It’s no surprise that dams, which block waterways and lead to raised or lowered water depth, are harmful to the environment. Even hydroelectric dams typically lumped in with green energy initiatives are conspicuously bad for the environment. Dams lead water above the dam to rise and levels below to decrease, leading to disappearing shorelines in part of a river and retreating shorelines in another.
The difference in water causes previously ideal habitats to become inhospitable. Salmon who typically live in shallower water when in freshwater, like many other river-dwelling fish, find themselves thrown into the deep end. Dams also prevent fish from being able to migrate up and down streams, a crucial part of many species’ spawning seasons. One example of these issues is the Grand Coulee Dam which severely impacted the Upper Columbia River. Above the dam, water levels raised approximately 70 feet, effectively killing many inhabitants due to the changing environment.
The harm of dams on aquatic migration patterns can be mitigated by constructing fish ladders or other methods of fish passages, as described by the Mekong River Commission. However, as the Yale School of the Environment reports, these passages have limited success and use, “Fishways on rivers in the U.S. Northeast are failing, with less than 3 percent of one key species making it upriver to their spawning grounds, according to a new study.” Still, if a dam must be constructed for energy purposes, the ecological impact and how to protect wildlife must be a top priority.
Fish ladders, or pool fish passes, are one of the most common types of fish passages. These systems work by constructing a series of pools separated by weirs that require fish to leap from one pool to the next in order to reach upstream. Unfortunately, fish that do not or cannot jump from pool to pool are unable to use fish ladders. Newer fish ladders are constructed to be less steep, with pools specifically designed for resting to ensure fish do not tire out and return to the entrance. Additionally, less jumping is needed, so less agile species can still take advantage of the ladder.
Lock fish passes are another style of fish passage that mirrors the construction of navigation locks used by boats. Similar to how navigation locks operate, fish enter the primary lock zone, and the lock gate is closed. The section containing fish then fills with water from the area above the dam, wherein fish can simply swim up the lock channel. The exit is then closed so water can be drained, allowing another group of fish to use the passage.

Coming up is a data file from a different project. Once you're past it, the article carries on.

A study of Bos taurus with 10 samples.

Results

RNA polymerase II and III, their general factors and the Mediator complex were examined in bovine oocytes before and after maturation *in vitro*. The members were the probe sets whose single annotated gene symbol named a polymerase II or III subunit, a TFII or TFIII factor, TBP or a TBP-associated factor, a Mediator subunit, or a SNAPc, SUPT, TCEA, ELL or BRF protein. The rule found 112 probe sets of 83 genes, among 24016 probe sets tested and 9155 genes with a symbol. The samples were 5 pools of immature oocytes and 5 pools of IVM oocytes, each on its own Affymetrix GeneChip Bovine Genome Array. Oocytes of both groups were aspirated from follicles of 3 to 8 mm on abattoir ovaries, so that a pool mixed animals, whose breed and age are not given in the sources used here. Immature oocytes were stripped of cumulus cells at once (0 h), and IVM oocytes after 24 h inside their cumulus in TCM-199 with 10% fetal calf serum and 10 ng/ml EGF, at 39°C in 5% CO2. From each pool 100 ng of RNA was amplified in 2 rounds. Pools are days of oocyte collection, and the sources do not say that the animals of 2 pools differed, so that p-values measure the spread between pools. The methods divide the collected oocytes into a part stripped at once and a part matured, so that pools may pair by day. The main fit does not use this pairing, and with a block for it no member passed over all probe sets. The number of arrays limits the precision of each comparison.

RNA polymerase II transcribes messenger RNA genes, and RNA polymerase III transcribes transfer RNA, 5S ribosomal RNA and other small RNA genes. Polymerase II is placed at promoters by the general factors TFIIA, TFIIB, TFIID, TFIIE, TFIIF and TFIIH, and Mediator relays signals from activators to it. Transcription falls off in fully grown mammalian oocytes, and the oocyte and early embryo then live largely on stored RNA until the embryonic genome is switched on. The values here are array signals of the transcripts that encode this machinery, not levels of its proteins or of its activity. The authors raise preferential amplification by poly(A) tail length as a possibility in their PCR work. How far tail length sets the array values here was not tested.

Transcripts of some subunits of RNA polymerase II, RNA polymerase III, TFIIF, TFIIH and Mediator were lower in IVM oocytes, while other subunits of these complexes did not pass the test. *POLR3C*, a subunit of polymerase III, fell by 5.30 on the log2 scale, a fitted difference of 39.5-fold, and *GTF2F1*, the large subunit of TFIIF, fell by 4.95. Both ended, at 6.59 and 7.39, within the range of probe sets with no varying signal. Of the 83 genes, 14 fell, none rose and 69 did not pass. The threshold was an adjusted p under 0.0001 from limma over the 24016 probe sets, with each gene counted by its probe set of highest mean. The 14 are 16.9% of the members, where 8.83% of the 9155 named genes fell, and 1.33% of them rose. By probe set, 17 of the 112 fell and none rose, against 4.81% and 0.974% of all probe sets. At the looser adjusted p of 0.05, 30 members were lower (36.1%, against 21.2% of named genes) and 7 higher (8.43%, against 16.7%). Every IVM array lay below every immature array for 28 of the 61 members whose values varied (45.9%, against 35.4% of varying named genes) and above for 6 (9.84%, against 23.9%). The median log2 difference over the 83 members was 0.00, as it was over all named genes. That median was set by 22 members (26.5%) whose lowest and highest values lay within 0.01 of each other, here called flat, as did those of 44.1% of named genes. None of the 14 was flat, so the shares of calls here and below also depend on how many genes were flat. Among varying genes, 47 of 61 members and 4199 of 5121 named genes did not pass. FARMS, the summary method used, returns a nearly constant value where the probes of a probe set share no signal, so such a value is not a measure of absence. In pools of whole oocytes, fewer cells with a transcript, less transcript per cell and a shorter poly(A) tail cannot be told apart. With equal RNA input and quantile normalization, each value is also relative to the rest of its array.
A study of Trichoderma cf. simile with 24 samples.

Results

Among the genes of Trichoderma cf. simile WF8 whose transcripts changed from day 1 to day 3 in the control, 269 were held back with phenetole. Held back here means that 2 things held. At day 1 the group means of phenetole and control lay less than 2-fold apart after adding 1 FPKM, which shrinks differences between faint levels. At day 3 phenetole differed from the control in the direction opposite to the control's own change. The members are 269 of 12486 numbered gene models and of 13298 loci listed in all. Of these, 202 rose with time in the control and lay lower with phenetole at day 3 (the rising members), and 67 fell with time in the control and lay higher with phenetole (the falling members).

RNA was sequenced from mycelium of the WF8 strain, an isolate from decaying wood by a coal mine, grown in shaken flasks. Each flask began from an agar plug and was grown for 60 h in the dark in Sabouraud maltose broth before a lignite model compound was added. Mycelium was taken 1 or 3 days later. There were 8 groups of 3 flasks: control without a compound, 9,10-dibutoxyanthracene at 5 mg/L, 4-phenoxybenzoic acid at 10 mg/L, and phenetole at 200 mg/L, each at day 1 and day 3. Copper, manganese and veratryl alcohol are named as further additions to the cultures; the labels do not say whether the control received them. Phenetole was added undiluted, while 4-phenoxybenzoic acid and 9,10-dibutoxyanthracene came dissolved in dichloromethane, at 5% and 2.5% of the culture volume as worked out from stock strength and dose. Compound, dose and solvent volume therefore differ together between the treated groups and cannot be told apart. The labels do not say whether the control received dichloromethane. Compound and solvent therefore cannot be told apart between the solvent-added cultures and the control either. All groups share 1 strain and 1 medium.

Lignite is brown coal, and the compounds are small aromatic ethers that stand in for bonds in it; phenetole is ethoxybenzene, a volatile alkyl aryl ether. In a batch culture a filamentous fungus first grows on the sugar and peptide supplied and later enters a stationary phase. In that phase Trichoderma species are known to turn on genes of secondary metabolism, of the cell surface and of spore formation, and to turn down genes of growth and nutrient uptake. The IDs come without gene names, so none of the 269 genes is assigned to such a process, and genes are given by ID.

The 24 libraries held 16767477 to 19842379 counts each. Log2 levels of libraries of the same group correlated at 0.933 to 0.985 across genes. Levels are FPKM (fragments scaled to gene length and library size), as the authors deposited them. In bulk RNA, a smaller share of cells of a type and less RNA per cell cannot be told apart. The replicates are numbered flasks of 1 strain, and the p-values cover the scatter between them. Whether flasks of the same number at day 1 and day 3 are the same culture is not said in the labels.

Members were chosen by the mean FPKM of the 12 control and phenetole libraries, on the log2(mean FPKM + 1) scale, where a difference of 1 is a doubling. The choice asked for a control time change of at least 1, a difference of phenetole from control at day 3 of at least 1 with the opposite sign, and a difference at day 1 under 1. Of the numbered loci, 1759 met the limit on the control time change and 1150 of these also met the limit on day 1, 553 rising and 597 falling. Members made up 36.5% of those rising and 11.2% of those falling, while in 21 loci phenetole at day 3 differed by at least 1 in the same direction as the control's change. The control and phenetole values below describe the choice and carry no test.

Bypass fish passes are also sometimes used near dams to help protect migration patterns. These passages are often described as “nature-like” as an artificial pseudo-organic waterway is constructed around the dam. These mock streams contain flow control structures to control water level and guide fish upstream. The first opening to the passage is near the base of the dam and winds up an incline before reconnecting above the dam. Unfortunately, these passes have limited success due to the detour fish must take to migrate.
Any of the above methods apply to downstream travel as well, but many fish choose to travel through spillways or turbines as a more direct route, though these routes are often dangerous. Large fish can become stuck in turbines, and smaller fish can easily be shot out at the end of spillways. Though not perfect, fish passages allow for more migration than traditional dam construction does.
Dam projects across the globe have had a recent boom with the hydroelectric energy boom prompted by the push for renewable energy. The world’s three great tropical rivers, the Amazon, the Congo and the Mekong, have only seen a few dams constructed in their basin. However, calls for green energy have led to an emergence of over 450 dam project proposals in “the three mega-diverse river basins,” reports The Guardian.
The construction of these dams would devastate global biodiversity and species populations. The Guardian shares, “One third of the world’s freshwater fish are at risk if dozens of large hydroelectric dams are built in the Amazon, Congo and Mekong basins.” While these projects are embellished with promises of fish passages, these plans are not always followed through. Furthermore, these fish passages are only partially effective and will undoubtedly impact global speciation.
Despite concerns, dam projects have proceeded, and as a result, vegetation and animal life have been flooded out of their habitats. Ancient and young trees lay below the surface of dam-created reservoirs, and terrestrial species have been forced to relocate. Aquatic life has also had to relocate as they can no longer survive in an unideal environment. Though dams seem economically appealing on the surface, paying for upkeep and attempting to undo ecological damages will catch up financially. Taking energy shortcuts early on defeats the intention of renewable energy and harms humanity and a more sustainable, long-term future.